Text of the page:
Clementine Ford. Photo: Supplied
All op-ed writers are subjected to various forms of abuse and pushback, but there's a special kind of harassment levelled at women. Because I write unapologetically about feminist issues, I seem to attract a particular kind of vitriol. I'm frequently accused of being bitter, twisted, damaged, angry, mentally deranged and hysterical. I've been told the only reason I'm so angry about rape is because I'm too ugly for it to ever happen to me. My relationship with my father is often called into question, because of course gender equality could only be important to a woman if she had a shitty dad (ironic really, considering the fact the men's rights activists who throw this one around also think criticism of fathers is a feminist conspiracy).
It's all par for the course really, but the one that confuses me the most is the one where I'm called an attention-seeker. The idea that someone would sit at home manufacturing outrage in order to gain attention is nothing short of silly. So too is the idea that someone professionally employed to share polemical views would be disinterested in whether or not anyone read them. We're writers! Of course we want people to read our work!
When this playground-level taunt was thrown at me again earlier this week, I took to Twitter to ask if this was something all writers dealt with or if it was just particular to women. Predictably, the men of my acquaintance revealed that they had little experience with it. It was generally agreed (at least in my circle) that it was a gendered insult, and one that women were once again expected to just put up with.
It was a revealing conversation, and it gave me the idea to pose other questions. Under the hashtag #QuestionsForMen, I began to ask questions relating to what I assumed were sexist double standards. Some were intended as genuine enquiries while others were designed to highlight what I knew to be hypocritical approaches to gendered behaviour. In some cases, I wanted to know if men felt subjected to the same physical and emotional social standards inflicted on women. In others, I wanted to highlight the ways patriarchy affects the men both privileged and disenfranchised by its strict codes.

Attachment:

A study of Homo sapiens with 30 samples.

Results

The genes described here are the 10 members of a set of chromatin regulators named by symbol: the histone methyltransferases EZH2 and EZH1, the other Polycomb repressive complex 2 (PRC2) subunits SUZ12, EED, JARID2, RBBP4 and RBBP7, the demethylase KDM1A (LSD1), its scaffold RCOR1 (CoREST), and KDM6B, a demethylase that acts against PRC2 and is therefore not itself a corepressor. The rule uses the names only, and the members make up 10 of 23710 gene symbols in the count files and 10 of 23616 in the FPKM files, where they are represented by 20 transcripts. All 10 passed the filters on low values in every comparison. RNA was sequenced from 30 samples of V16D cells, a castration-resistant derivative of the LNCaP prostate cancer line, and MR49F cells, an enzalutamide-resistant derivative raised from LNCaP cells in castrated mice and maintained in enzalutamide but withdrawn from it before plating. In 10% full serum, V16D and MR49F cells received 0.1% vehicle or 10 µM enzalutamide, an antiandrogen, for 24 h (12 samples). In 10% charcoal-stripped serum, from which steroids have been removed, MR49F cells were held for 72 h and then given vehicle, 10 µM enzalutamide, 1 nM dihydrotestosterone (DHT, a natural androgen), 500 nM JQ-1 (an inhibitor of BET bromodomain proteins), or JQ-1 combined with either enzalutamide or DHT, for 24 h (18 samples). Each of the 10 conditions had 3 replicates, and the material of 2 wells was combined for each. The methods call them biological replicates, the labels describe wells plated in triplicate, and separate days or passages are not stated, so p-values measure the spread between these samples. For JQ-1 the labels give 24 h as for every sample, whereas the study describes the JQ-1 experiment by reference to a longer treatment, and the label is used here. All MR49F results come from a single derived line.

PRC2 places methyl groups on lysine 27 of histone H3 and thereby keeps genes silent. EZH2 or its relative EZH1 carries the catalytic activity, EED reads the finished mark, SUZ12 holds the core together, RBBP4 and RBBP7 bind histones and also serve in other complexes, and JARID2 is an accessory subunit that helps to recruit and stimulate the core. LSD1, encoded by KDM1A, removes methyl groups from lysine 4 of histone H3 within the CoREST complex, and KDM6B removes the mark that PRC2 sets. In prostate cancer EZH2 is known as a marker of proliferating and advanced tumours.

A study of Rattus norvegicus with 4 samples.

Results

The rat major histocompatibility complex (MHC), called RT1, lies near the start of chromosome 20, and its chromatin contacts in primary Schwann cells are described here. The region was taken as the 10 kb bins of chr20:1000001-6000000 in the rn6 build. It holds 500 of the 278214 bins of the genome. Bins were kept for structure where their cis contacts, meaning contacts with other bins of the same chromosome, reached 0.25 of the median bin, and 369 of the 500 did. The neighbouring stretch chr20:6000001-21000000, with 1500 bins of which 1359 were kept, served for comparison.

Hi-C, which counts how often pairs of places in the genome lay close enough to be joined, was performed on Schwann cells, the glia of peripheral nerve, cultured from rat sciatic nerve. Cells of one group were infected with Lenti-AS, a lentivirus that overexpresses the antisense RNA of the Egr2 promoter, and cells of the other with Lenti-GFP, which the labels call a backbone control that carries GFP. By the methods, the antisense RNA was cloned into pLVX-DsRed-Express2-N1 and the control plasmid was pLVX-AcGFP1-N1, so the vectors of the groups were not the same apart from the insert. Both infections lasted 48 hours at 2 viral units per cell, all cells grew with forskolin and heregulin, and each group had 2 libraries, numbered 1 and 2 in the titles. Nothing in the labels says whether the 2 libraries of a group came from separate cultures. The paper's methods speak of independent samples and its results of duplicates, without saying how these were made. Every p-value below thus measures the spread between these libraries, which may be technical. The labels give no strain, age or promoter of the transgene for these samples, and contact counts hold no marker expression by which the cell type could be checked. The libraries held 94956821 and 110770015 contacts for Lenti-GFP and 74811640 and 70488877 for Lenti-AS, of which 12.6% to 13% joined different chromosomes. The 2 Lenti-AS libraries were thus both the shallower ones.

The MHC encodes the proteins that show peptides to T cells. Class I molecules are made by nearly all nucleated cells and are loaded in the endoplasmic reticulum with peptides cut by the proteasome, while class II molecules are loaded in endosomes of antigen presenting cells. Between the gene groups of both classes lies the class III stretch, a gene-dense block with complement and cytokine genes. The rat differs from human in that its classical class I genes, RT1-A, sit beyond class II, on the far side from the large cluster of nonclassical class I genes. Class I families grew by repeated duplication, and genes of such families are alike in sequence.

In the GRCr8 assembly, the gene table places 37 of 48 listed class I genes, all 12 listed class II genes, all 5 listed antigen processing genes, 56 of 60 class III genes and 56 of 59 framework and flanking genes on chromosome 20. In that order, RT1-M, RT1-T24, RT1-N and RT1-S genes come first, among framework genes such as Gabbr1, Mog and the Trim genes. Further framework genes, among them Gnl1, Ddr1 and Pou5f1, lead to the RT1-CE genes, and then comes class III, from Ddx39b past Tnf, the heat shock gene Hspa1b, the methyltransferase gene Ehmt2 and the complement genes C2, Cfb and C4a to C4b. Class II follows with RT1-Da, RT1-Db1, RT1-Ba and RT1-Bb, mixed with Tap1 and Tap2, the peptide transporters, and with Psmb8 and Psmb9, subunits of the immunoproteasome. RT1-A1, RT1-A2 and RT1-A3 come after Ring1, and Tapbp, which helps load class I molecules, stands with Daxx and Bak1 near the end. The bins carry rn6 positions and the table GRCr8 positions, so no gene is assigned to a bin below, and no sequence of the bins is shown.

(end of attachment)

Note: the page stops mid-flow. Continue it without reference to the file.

The questions ranged from the deeply serious ("Do you feel scared if a woman is following you at night, and then do you feel silly for feeling that way?") to the casually sarcastic ("Have you ever read a thinkpiece by a respected female writer explaining how and why men aren't funny?") to the revealing ("Do you feel like you're supposed to express a desire for casual sex over intimacy?") As the men in my timeline began to seriously engage with the experiment, women around me started furiously tweeting their own questions.
Within a few hours, hundreds and hundreds of tweets had been sent out as #QuestionsForMen. Women (some of whom later told me had never publicly spoken about feminism before for fear of the backlash) eagerly leapt on the opportunity to outline their frustrations and anger over sexist double standards. Discussions were prompted over sexual violence, workplace inequality, economic disadvantage and even domestic expectations. Even better was the fact that men seemed to be engaging and listening. In their answers, they expressed their own frustrations about patriarchal conditioning and what can sometimes seem like a toxic trap of masculinity.
Sure, it didn't take long for the trolls and MRA derailers turned up. Whenever women gather to talk publicly about anything remotely related to their experience of the world, these pudding brains send out a bat signal so they can pop up and loudly declare, "I *think* you'll find it's about ethics in gaming journalism". But this time, women AND men were either shouting them down or just ignoring them altogether. As someone who's had to develop a pretty thick skin and fearless approach to abusive trolls who hide behind the cloak of anonymity, it was excellent to see more and more women speaking up for themselves and standing by their own truths.
One of the biggest tools wielded against women's empowerment has been the pernicious use of gaslighting. For generations, we've been told that we're imagining our own oppression. That we're overreacting or lying or seeing things that just aren't there. The result has been that women have been hesitant to speak about the reality of our own lives, because we've been trained to question whether or not our perception of it is even real.
But this is one of the enormous strengths of social media. A hashtag alone might not have the power to change the world. But it does have the power to start a conversation. And the instantaneous reach of Twitter has made it possible for women to have these conversations in ways that can no longer be discounted or silenced. That's power. I speak and write publicly and unapologetically about feminism not to necessarily change men's minds (although that's an added bonus) but to reassure women that they're not alone - that their thoughts and feelings about the world that they live in are real, and that there are others out there who can also see that the Emperor is wearing no clothes. I want women to know that when they speak these truths, other women will stand side by side with them to help brace them against the backlash. Gender equality is possible, but we have to fight for it and we have to fight for it together.
So this is one of my last #QuestionsForMen. Which side are you going to be on?